Greetings my gentle readers to another week’s installment of the “be yourself, often” blog found at http://www.joelwlamoure.com. This is the point in time of the week where we are able to sit back and mindfully reflect on the moments that were and the impact that they have had in our lives.
This is our first blog posting of the past six weeks. Those of you who follow our radio show “prescribing spiritual hope” on WULC out of Carrabelle, Florida on the Spreaker network will also have observed we have been off the air for the past two months. http://www.spreaker.com/show/tuesday_prescribing_spiritual_hope I anticipate that not only will the blog be back to its normal weekly posting effective now, and our radio show be on the air again by mid-July at its usual time of 9 PM Eastern time and think all of our dedicated listeners and readers from around the world for staying with the network.
The past couple of months have been an exercise in journey into the deepest recesses and caverns that exist within the mind. A time within the wilderness where over the past 40 days and 40 nights opportunities have presented themselves repeatedly. Unfortunately, as we know in life, and that we as humans are not the divine architects of our own plans, most of the “opportunities” have had a negative flavor. However, the concepts associated with the phrase “what doesn’t kill you makes you stronger” are all well and alive.
These have been days of a death of dreams and recalibration of determining what is important. A time to realize that what one thought would be logical, in fact was illogical. There were birthdays forgotten by others, promises broken, expectations shattered, religious discrimination, hate crimes, decades of planning eradicated, disease and illness. A breach of confidence by confidents and friendly fire. Bullets that derive from close sources fired under the brave face of anonymity, send through an unwilling messenger. Sadly hypocrisy and vigilante justice is alive and well.
As such, based on what the title states, it leaves one wondering, especially a man of faith wondering why so many good people have been hurt while the sinful, wicked and evil continue to prosper in their lies and deceit, claiming to be and searching “enlightenment” themselves. I use the term in quotes as it is ego-centric enlightenment they seek, not Spiritual Enlightenment. My friends, these are days of learning the highest virtue, which is forgiveness. “Forgive them Father, for they know not what they do…”
Within forgiveness, which is an easy word to say but hard action to do lies the resolution of inner turmoil. Resolution of the inner turmoil is not playing it out words and harming other people. Resolution does not lie by constant complaining, self harm, belittling, telling stories repeating stories, playing victim, hatred, or any of the other tools that were initially used against us. I believe, that is why true forgiveness takes longer… Perhaps truly 40 days in the wilderness.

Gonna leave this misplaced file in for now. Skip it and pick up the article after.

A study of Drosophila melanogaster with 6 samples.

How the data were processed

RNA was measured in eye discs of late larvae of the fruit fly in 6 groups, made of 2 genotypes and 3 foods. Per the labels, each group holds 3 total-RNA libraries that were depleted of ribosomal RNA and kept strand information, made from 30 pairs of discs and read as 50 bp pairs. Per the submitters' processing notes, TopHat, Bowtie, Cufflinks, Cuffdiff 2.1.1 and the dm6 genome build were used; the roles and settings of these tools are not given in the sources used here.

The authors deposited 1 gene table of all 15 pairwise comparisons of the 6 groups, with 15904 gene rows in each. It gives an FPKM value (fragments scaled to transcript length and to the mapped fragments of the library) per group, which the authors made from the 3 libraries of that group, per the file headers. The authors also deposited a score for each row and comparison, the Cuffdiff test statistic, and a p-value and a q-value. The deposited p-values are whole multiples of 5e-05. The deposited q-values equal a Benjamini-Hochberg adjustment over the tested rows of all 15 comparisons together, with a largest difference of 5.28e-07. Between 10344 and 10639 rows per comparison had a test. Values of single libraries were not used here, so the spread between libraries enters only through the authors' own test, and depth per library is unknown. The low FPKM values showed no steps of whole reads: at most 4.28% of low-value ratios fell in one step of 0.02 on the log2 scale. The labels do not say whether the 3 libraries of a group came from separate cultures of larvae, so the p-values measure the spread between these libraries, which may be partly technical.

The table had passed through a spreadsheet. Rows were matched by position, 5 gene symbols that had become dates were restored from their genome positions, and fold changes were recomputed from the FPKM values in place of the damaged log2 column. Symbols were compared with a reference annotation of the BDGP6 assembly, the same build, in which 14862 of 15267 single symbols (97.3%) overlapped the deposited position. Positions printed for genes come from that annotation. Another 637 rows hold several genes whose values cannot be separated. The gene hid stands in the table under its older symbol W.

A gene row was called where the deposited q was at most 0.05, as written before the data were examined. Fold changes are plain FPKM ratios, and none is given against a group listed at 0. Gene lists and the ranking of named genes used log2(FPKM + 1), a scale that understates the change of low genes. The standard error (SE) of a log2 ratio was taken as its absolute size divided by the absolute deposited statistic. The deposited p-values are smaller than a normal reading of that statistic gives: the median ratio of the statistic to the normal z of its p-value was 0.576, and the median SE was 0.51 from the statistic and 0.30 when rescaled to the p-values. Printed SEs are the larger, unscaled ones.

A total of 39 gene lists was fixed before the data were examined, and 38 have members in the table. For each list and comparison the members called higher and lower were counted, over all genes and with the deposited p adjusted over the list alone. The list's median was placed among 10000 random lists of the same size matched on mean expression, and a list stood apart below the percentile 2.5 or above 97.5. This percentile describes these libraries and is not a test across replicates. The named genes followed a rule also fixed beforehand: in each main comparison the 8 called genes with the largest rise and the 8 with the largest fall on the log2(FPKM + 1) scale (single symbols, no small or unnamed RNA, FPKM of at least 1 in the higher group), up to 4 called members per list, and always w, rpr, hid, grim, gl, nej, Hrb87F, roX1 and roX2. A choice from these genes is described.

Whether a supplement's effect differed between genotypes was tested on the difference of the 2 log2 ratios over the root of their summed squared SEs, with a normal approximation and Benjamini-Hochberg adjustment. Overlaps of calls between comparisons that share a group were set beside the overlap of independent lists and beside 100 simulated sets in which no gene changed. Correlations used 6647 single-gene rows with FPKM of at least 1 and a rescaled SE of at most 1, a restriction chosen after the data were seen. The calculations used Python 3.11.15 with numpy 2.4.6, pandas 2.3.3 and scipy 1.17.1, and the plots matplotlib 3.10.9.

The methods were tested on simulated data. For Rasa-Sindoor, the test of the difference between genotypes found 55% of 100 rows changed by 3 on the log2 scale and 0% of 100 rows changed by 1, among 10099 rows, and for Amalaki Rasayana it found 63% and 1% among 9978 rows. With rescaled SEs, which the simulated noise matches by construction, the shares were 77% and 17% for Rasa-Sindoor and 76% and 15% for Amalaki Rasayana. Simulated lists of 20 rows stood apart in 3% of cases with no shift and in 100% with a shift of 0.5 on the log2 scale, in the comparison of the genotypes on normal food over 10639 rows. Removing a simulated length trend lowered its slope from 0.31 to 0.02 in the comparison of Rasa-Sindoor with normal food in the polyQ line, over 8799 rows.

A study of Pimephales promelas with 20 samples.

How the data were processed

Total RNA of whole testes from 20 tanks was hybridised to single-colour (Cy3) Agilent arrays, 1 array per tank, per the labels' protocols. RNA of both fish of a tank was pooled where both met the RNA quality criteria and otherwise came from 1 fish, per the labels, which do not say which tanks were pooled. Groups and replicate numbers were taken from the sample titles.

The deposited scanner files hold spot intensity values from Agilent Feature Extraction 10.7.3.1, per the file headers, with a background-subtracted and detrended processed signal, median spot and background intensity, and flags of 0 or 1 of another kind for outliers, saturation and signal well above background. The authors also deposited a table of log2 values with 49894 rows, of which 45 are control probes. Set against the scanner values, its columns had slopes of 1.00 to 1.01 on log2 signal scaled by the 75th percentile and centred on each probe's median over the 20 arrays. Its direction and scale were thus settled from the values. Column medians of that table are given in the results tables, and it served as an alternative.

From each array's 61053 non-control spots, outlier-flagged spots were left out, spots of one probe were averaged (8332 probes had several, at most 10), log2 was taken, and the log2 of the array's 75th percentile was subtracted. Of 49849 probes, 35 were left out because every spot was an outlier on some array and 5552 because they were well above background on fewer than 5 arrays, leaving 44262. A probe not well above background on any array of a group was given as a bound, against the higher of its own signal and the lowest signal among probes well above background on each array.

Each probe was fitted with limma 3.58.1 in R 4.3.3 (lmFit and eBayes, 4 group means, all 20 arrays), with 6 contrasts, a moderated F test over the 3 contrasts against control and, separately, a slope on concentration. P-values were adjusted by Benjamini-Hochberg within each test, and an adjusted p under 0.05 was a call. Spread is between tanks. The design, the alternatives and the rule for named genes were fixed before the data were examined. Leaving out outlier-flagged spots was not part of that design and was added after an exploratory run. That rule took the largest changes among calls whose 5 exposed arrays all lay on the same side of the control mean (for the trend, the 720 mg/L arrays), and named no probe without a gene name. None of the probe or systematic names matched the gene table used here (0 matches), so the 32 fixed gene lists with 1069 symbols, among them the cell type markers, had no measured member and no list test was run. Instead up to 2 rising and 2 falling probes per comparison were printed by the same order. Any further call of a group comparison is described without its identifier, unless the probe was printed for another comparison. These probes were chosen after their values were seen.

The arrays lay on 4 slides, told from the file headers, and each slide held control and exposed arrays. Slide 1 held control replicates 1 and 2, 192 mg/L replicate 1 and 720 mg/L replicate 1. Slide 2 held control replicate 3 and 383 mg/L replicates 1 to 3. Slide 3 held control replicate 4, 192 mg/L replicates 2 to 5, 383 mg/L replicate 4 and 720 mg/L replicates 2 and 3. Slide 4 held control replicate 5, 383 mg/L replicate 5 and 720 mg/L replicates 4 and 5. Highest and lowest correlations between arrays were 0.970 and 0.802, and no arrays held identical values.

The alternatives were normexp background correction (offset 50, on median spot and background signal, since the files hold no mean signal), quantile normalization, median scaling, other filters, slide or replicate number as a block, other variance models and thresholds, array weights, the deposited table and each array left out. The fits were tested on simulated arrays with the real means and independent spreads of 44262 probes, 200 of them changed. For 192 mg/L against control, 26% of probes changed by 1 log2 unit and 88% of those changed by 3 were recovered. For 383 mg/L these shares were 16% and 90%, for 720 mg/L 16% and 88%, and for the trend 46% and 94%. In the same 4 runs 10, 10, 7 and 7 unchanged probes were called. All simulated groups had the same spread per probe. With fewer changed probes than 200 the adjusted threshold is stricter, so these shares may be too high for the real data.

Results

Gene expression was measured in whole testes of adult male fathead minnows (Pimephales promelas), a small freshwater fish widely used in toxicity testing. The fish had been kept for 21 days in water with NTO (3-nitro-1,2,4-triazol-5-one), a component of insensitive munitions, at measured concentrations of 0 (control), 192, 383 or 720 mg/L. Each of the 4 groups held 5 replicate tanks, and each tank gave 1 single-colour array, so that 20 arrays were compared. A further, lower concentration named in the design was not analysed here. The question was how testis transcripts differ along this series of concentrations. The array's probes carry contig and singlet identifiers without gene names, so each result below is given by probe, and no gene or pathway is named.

It is about finding again what makes one happy and appreciating that we have the “free will covenant” and do not have to be the same as those that wrong us. It is not up to the courts to make a decision of judgment or forgiveness, but the quiet Light of Divination that says so much. To be able to not focus on stuff, and focus on the Light with clarity and intensity will allow us to be the spiritual being having a human existence and truly be yourself, often.
He graduated from the University of Toronto, Faculty of Pharmacy with a Bachelors in Pharmacy in 1991. Subsequent diplomas include Adult Psychology (Honours), Child Psychology (Honours) and Police Sciences (1993-1998). He has lectured and given presentations extensively at a regional, national and international level. Publications include a range in both depth and breadth of psychopharmacology and general consultant psychiatry issues plus patient safety issues and concerns. These presentations mirror and interface work done in the clinical settings, research, live and recorded presentations.
Further interests include reviewing the patient on a bio-psycho-social model and defining the relationship which dovetails into a lecture series regarding stress management. With almost 100 journal, impact paper, patient centered opinion, consultant reviews and research posters to his credit over the past few years, his most recent venture is co-authouring a chapter entitled "Person Centered Approaches to Psychopharmacology for People with Serious Mental Illness" being published by Radcliffe (UK) under the title Serious Mental Illnesses:Patient-Centered Approaches in 2011 (ISBN 978 1 84619 306 4). He has 320 presentations to his credit at the beginning of July 2010, presenting over 70 times in 2009 alone to a variety of interest groups, physicians and allied health on a variety of psychopharmacological and psychosocial areas.
Teaching areas of focus include patient centered learning for physicians which encompass Introduction to Medicine, Musculoskeletal System and Infectious Diseases (first year) and Gynecology, Respirology and Emergency Medicine (second year). For third year medical students he teaches psychopharmacology and for post-graduate residents and psychiatrists is involved with interfacing medicine issues in psychiatry. In continuing education post graduate, he is currently the outgoing Chair of the Advisory Committee on CME for UWO and sits on the Appointments and Promotions Board in the Department of Psychiatry, Schulich School of Medicine and Dentistry , UWO.
His Accreditations Canada focus is primarily in medication management and medication reconciliation, plus safe and effective delivery of these systems, processes and adherence by hospitals across Canada to these Required Organizational Practices (ROPs).